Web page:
City attorney says initiative language has problems

A citizen petition to ask voters to approve a medical marijuana licensing ordinance is on hold while Lansing city officials consider the legality of the proposed ordinance.

But Lansing Loves Safe Jobs initiative supporters are crying foul and threatening to sue if the petitions are not approved and sent to the City Council for action.

“We have to sue you guys if it doesn’t go up,” said East Lansing lawyer Jeffrey Hank, who chairs the initiative organization. He said the group would “litigate to preserve the right to vote.”

Hanks called the legal questions “smokescreen technicalities,” meant to keep the proposal off the ballot.

The initiative’s language would allow for more dispensaries than one proposed by the Public Safety Committee of the City Council. The initiative would provide less restrictive zoning.

The proposal is facing serious legal obstacles, City Attorney Jim Smiertka told the Lansing Election Commission on Tuesday.

He said the petition “attempts to legislate zoning matters,” according to a memo from Smiertka to Lansing City Clerk Chris Swope, who is charged with certifying the initiative as proper. Doing so contradicts an existing law that does not leave zoning decisions to such initiatives, Smiertka said.

Secondly, the petition contains confusing language in the proposed ordinance.

Specifically, Smiertka noted that provisions would require renewal of license applications.

“The renewal shall be deemed approved if the city has not issued formal notice of approval within 60 days of the application being filed,” the proposed language reads.

“This means that an application for a license or renewal must always be approved,” Smiertka wrote.

Smiertka and Swope also noted that the City Council is working toward possible adoption of its own ordinance to regulate the medical marijuana industry, with a vote possible as soon as Aug. 24. He said its passage could also complicate the passage of the citizen ordinance.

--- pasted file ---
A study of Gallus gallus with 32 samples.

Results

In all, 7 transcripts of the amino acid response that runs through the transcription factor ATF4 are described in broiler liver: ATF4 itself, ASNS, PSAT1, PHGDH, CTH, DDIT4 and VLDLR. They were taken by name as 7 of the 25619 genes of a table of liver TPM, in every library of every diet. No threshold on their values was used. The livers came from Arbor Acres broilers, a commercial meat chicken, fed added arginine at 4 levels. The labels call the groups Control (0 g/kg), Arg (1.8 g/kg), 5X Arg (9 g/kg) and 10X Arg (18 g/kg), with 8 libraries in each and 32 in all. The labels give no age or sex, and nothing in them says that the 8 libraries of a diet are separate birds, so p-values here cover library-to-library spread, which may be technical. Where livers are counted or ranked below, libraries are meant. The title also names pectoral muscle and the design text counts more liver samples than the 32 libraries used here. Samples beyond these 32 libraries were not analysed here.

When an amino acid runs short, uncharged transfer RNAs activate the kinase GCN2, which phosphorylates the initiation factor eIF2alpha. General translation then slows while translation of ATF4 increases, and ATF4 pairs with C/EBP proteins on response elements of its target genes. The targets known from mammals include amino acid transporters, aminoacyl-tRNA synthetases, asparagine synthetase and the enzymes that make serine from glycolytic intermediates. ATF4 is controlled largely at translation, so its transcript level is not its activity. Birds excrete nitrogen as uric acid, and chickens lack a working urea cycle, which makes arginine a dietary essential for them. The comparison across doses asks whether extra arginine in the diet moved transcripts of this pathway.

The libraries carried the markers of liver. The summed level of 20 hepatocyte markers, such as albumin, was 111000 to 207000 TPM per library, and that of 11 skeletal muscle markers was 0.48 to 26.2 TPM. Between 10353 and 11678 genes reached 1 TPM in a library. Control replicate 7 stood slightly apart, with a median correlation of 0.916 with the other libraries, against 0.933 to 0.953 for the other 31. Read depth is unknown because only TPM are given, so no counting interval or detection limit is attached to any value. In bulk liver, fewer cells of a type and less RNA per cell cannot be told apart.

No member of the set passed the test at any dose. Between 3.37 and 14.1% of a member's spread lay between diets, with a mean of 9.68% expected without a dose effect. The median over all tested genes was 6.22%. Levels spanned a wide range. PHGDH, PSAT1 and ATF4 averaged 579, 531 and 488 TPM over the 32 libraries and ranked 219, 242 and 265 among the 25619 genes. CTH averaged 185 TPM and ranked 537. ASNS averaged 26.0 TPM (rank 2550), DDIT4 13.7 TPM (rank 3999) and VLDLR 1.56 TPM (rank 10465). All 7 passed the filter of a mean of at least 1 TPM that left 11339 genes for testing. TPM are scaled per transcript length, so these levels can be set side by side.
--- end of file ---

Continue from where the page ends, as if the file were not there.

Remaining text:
“The proposed ordinance would replace the current ordinance on the books, chapter 1300,” Smiertka said. “But if Council adopts the pending ordinance before them, they would replace those chapters completely. That calls into question the validity of this proposal if that happens.”

But Hank countered that the first two legal issues were for “post election” decisionmaking.

Supporters submitted over 6,000 signatures in support of the initiative last week. City Clerk Chris Swope said his office is still verifying that those signatures are valid. To meet the threshold to get on the ballot, supporters would have to have collected just over 4,000 signatures of registered voters from Lansing.

Swope has 15 days from the day the petitions were submitted, which was July 18, to approve the form of the ballot language as well as the signatures. He then has to refer it to the City Council which can either approve it and put it on the books or place it on the ballot for the voters to consider. The Council would have 30 days from the day it receives it to act.

To make it on the November general election ballot, all of the necessary signatures have to be approved by Swope and the legal issues raised by Smiertka have to be addressed. That has to happen before Council’s Aug. 14 meeting in order to be approved that day to meet state law requiring its placement on the ballot by Aug. 15.

Swope said it’s “unlikely” the initiative will be approved in that tight time frame. He did say it was possible the proposal could land on a special election ballot in May of 2018. A special election could cost taxpayers an estimated $60,000.